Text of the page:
Becoming a “survivor” of domestic violence
What does it mean to be a survivor? More specifically, what does it mean to be a woman and a survivor of domestic violence?

When I looked up the term “survivor” in the Cambridge English dictionary, I found two distinct definitions. The first states that a survivor is:

 “a person who continues to live, despite nearly dying” 

Whilst the second definition describes a survivor as:

 “a person who is able to continue living their life successfully despite experiencing difficulties”

It struck me that when it comes to survivors of domestic violence these two definitions converge into one. As the “Counting Dead Women” project in the UK highlights, death is a common outcome of abusive romantic relationships. Throughout the first lockdown of the coronavirus pandemic, which spanned from 23rd March 2020 to the start of July, 35 women were murdered by men. In addition to this, the murders of 12 other women were strongly suspected to be cases of domestic homicide.

There are many other women who have narrowly escaped this fate, who have managed to get out, by the skin of their teeth, scathed but not obliterated. This is a pinnacle moment in the woman’s’ journey. From here on the services she engages with, choices she makes, narratives she occupies and definitions of others, decide whether she can become a “survivor” of domestic violence. This is because to be worthy of the status of “survivor” women must prove, not just that they have survived, but that they have thrived since they left their abuser.

This is where the second definition comes into play. It is not enough for a woman to label herself a survivor, society demands that she proves herself to be a credible survivor. This is because, when it comes to domestic violence, our criminal justice system is inextricably interlinked with therapeutic narratives and interventions. Therapy is often expected and mandated by the courts; especially if there are children involved. The onus often falls on the woman to prove to the court that she can, not only rehabilitate herself but also her family. It is a contradictory position that many women find themselves in once they engage with the criminal justice system. On the one hand, the justice system provides a space for women to take back control by allowing them to contest the violence they have suffered at the hands of their partners. However, on the other hand, women are often objectified and discredited in court whilst the jury or judge decide if they are worthy or unworthy victims.

Race, class gender and sexuality are all factors that put women of colour, queer, immigrant and/or disabled women at greater risk of violence to begin with. However, they are also factors that wield influence within the criminal justice system as to their worthiness as a victim and credibility as a survivor of domestic violence.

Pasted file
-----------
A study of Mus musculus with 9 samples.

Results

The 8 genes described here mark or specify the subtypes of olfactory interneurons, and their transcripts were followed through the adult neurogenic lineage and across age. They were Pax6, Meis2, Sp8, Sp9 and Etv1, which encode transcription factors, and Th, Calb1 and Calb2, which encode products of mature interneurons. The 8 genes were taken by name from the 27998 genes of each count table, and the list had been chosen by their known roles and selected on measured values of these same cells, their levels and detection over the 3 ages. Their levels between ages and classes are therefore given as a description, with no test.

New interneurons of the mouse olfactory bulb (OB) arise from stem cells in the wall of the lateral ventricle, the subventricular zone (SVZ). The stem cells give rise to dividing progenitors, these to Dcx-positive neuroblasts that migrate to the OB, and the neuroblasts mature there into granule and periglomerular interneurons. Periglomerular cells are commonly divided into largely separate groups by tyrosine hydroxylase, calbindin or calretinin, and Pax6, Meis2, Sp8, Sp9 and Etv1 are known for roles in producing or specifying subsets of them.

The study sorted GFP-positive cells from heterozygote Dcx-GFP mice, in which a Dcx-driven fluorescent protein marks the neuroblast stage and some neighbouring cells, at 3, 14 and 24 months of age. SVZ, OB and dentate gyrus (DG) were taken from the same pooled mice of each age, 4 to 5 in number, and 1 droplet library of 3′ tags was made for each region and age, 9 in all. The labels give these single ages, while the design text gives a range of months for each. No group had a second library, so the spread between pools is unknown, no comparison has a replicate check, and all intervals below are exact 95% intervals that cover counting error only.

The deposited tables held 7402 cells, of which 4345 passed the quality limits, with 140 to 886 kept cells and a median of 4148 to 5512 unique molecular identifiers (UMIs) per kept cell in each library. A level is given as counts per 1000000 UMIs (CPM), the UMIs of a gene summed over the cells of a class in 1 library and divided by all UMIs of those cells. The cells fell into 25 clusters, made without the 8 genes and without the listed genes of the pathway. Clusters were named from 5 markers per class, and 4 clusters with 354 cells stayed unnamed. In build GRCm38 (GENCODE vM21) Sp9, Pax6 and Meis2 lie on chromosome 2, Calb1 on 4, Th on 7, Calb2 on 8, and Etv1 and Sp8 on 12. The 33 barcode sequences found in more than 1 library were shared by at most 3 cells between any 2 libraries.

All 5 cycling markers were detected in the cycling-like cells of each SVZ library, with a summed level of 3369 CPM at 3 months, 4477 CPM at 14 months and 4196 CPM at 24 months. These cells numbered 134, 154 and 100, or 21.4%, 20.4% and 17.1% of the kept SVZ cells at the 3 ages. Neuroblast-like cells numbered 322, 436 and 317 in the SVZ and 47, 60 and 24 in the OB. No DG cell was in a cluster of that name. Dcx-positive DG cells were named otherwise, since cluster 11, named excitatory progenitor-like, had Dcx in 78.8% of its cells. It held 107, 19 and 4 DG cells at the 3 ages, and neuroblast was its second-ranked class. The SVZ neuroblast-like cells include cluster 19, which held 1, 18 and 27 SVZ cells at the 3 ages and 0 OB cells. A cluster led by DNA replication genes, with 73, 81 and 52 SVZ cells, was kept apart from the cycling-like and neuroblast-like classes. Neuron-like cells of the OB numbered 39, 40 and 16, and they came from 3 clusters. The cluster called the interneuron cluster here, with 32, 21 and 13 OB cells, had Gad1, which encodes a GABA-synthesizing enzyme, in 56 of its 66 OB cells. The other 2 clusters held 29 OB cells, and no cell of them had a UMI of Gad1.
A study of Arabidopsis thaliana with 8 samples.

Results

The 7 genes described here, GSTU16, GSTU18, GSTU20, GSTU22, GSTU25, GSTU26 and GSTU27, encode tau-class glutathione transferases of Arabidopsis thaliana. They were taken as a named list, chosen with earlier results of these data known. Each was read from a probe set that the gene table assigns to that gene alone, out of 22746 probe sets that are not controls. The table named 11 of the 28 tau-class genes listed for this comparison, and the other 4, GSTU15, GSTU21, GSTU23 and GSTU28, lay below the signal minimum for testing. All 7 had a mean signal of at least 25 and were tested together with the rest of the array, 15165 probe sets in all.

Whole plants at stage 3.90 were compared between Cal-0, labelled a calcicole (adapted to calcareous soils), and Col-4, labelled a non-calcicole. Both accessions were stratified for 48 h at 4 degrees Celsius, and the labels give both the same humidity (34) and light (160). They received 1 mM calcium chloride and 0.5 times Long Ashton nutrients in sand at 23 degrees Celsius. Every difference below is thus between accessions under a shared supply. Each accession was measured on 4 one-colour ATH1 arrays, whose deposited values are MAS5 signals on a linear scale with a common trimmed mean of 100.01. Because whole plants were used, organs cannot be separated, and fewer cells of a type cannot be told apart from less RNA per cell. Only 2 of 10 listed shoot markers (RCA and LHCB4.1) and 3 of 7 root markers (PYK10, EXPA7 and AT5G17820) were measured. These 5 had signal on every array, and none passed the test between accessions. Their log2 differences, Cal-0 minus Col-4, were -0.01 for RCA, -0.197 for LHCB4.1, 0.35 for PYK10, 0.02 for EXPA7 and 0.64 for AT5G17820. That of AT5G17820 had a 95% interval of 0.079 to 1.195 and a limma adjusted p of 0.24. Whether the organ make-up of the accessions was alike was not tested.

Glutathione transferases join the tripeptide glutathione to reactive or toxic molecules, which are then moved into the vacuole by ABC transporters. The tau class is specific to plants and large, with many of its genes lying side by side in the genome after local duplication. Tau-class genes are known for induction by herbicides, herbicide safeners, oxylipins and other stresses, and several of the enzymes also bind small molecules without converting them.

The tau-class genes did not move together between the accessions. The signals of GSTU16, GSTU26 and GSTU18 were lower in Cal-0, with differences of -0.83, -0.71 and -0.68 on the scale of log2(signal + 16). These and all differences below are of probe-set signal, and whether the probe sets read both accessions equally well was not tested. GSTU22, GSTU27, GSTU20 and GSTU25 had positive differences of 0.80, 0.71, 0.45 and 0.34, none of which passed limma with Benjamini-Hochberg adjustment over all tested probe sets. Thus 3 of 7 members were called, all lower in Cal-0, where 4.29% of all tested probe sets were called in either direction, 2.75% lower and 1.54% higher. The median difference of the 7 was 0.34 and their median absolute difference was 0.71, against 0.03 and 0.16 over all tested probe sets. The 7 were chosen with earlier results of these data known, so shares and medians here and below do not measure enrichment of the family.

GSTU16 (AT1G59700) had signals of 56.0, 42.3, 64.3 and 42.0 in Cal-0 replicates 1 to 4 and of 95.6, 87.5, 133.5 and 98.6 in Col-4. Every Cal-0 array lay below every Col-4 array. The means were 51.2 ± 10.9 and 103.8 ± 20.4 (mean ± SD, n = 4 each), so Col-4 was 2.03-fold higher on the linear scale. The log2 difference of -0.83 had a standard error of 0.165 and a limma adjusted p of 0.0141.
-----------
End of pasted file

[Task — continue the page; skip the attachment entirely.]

Domestic violence begins at a societal level via sexism and heteronormativity. It filters down to an interpersonal level within a
relationship and ends on an individual level with psychological experience. Therefore, women’s stories are often complex and there is very rarely one definitive story line.
For those who inhabit different identities, for example, female, black, homosexual etc., their narratives often cross over and inter-lace. For a woman to be a credible survivor, they must tell stories of psychological recovery and enhance the domestic violence part of their narrative at the expense of their other identities. The focus in court is often on her as a woman and often underplays the wider societal issues such as racism, classism, sexism, and homophobia. If a woman is not thriving, then the blame is often placed on her and the structural wrongs that she faces are left unaccounted for.
Therapy is not the be all and end all; it can only address one aspect of the journey – the woman’s psychological experience. It cannot change the wider societal inequalities that the woman faces. It cannot change the opinions and attitudes of others. But it is still incredibly powerful. It is an opportunity for the woman to reclaim her story. A story that may have been twisted and distorted throughout legal proceedings. She can embrace the complexity of her narrative and honour the different identities that she encompasses. It is an opportunity for her to define what thriving and surviving looks like. Through therapy, she no
longer must “become” a survivor of domestic violence instead she can finally just be one. 

At talking elephants, we provide a confidential and non-judgemental space for all. If you or your family have been impacted by any of the issues discussed in this blog post, we can support you. You can contact us on 0203 488 6299 for a free initial consultation.